1,500 attend funeral in Creston, Iowa, for family who died in Mexico

1,500 attend funeral in Creston, Iowa, for family who died in Mexico
World-Herald News Service

After a moment of silence, the members of Kevin Sharp’s pit crew stepped out of the crowd of more than 1,500 funeral attendees.

A garage door opened at the Southwestern Community College gymnasium in Creston, Iowa, and the silence was broken with the rumble of an engine, revved four times, once for each Sharp family member who died last month at a Mexican resort.

One loud rev for Kevin, 41, who raced stock cars at the Adams County Speedway and recently decided to spend more time with his family.

One for his wife, Amy, 38, described as a hard worker and a “go-to gal” in Creston, a community of 7,800.

Another for 12-year-old Sterling, an all-around athlete who enjoyed gardening and was eager to learn more about racing from his dad.

And one for 7-year-old Adrianna, a free-spirited Brownie Girl Scout who loved dancing to Taylor Swift.

For each of the quiet moments at Saturday’s funeral, there was a loud one to commemorate a family who “played hard and lived life to the fullest.”

Kurtis Sharp, Kevin’s brother, began his tribute by playing a few stanzas of AC/DC’s “Thunderstruck,” a heavy metal song that Kevin played to get pumped up for Iowa football games.

Most attendees wore Iowa gear in honor of the Sharp family’s devotion to the Hawkeyes, as well as several other local and professional teams.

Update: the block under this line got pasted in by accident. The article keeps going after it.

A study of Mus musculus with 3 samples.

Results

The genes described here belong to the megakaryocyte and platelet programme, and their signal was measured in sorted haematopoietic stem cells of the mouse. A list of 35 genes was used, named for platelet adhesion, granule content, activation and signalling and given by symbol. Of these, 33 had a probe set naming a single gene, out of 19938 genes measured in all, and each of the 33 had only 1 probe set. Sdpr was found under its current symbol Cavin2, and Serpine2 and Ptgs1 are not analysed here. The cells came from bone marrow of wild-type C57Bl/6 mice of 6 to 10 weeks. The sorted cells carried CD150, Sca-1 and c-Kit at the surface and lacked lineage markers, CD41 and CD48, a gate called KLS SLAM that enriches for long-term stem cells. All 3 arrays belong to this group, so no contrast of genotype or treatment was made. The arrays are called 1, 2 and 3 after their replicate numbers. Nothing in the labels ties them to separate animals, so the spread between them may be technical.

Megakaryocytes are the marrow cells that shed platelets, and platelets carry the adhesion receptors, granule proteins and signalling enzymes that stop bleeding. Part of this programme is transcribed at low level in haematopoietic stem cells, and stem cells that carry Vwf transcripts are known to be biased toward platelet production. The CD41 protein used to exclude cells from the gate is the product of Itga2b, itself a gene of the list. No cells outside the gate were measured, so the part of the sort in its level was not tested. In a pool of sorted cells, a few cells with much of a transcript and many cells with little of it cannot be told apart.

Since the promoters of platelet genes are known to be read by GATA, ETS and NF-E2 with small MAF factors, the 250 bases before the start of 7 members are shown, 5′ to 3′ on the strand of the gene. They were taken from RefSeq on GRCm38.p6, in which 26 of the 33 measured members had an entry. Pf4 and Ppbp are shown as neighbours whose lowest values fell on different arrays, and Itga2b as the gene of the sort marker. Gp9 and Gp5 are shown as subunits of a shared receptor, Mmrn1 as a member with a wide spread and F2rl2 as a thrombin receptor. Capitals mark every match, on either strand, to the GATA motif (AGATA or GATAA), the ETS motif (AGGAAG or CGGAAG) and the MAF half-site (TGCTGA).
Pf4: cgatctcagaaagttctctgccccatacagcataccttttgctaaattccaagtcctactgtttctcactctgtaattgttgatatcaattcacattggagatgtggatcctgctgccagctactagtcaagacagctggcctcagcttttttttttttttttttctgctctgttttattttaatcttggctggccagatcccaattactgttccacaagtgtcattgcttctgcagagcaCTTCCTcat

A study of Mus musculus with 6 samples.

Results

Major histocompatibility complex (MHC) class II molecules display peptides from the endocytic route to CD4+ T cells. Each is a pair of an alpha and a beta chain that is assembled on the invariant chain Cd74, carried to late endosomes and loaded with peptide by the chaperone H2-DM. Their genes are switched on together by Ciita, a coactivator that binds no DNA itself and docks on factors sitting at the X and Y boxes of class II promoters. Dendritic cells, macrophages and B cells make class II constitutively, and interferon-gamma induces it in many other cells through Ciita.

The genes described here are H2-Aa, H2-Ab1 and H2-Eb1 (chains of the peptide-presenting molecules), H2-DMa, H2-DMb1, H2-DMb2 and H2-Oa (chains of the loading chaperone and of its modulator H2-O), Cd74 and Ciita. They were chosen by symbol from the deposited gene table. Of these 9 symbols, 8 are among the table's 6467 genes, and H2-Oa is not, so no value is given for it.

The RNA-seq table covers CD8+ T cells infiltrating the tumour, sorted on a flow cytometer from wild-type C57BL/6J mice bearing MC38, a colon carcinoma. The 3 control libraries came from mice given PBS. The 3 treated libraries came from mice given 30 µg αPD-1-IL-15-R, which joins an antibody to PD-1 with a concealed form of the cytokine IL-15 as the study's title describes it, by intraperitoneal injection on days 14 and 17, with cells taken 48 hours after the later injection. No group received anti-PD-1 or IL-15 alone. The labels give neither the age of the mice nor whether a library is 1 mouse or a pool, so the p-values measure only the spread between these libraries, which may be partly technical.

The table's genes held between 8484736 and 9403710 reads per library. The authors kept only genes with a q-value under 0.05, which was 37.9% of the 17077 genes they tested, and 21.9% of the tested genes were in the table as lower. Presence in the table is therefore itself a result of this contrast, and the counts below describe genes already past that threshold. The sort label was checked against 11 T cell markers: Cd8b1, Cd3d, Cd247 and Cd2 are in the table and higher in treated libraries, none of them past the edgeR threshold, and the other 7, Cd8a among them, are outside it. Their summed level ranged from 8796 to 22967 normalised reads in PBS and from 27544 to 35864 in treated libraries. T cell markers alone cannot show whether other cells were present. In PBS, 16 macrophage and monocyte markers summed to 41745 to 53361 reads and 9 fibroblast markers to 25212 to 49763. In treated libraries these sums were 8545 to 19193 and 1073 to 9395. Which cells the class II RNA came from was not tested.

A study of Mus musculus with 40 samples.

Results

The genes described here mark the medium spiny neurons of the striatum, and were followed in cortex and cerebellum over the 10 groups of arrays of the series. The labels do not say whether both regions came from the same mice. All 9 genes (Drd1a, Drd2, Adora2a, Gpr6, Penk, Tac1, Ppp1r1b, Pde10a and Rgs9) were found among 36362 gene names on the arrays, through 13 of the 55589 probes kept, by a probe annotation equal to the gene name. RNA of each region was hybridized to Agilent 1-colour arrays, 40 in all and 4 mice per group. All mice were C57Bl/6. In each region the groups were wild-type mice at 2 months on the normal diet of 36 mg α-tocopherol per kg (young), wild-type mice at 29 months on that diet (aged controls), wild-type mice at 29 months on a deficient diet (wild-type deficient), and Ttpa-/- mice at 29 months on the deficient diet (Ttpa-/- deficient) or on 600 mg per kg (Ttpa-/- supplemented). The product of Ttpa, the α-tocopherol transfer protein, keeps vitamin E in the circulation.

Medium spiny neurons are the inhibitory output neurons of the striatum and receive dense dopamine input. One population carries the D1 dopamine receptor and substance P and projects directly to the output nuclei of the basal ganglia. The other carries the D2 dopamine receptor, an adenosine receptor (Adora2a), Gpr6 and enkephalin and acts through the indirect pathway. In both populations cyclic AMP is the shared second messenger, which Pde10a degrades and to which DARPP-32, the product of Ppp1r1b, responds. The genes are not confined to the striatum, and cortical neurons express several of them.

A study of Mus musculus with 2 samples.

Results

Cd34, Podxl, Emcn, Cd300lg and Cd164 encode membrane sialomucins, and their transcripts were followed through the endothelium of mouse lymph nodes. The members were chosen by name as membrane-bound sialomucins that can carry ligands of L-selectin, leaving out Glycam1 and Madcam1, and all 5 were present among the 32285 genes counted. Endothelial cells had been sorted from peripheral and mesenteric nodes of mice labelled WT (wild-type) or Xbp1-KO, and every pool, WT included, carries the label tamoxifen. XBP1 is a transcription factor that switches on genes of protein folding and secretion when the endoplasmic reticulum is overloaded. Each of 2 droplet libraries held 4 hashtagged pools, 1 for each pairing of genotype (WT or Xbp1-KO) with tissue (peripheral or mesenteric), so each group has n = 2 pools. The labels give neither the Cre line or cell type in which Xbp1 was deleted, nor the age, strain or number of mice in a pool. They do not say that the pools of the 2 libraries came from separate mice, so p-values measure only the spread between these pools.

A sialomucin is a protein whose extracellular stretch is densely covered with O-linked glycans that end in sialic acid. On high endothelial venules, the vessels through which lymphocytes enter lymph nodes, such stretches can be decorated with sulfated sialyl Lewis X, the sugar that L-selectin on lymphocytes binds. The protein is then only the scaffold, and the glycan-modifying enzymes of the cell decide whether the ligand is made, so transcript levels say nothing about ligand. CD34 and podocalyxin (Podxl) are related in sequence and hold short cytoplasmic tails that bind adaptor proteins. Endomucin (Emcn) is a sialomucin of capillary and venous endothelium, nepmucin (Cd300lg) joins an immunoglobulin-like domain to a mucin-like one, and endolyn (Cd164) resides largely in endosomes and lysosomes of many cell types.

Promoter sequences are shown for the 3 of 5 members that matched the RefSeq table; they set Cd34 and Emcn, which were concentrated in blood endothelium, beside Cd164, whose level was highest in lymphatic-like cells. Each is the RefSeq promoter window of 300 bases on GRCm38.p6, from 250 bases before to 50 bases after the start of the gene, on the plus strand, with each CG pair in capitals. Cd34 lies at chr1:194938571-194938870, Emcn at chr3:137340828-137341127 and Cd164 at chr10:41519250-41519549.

A gas leak in a water heater is suspected of killing the four inside their rented condominium in Tulum, Mexico, according to authorities there. The family was found dead in the condo on March 23.

The community’s shock and grief could be heard in the few quiet moments Saturday as friends, neighbors and family members wiped tears and embraced one another in the gym at the college where both Kevin and Amy took classes.

“This family did everything together,” the Rev. Mary O’Riley said.

After pausing to steady his voice, Kurtis Sharp later repeated the same sentiment, explaining the family’s many vacations, including one to Arizona that included a sleigh ride in a dune buggy.

“Who does that?” he said to laughter. “Many thought that (Kevin) flew by the seat of his pants, but he always knew what he was doing; he just didn’t tell anyone what his plan was.”

To the gymnasium full of community members, Kurtis said he takes comfort in knowing that the family was together.

“Just like they always have been and just like they always will be, they are together as one.”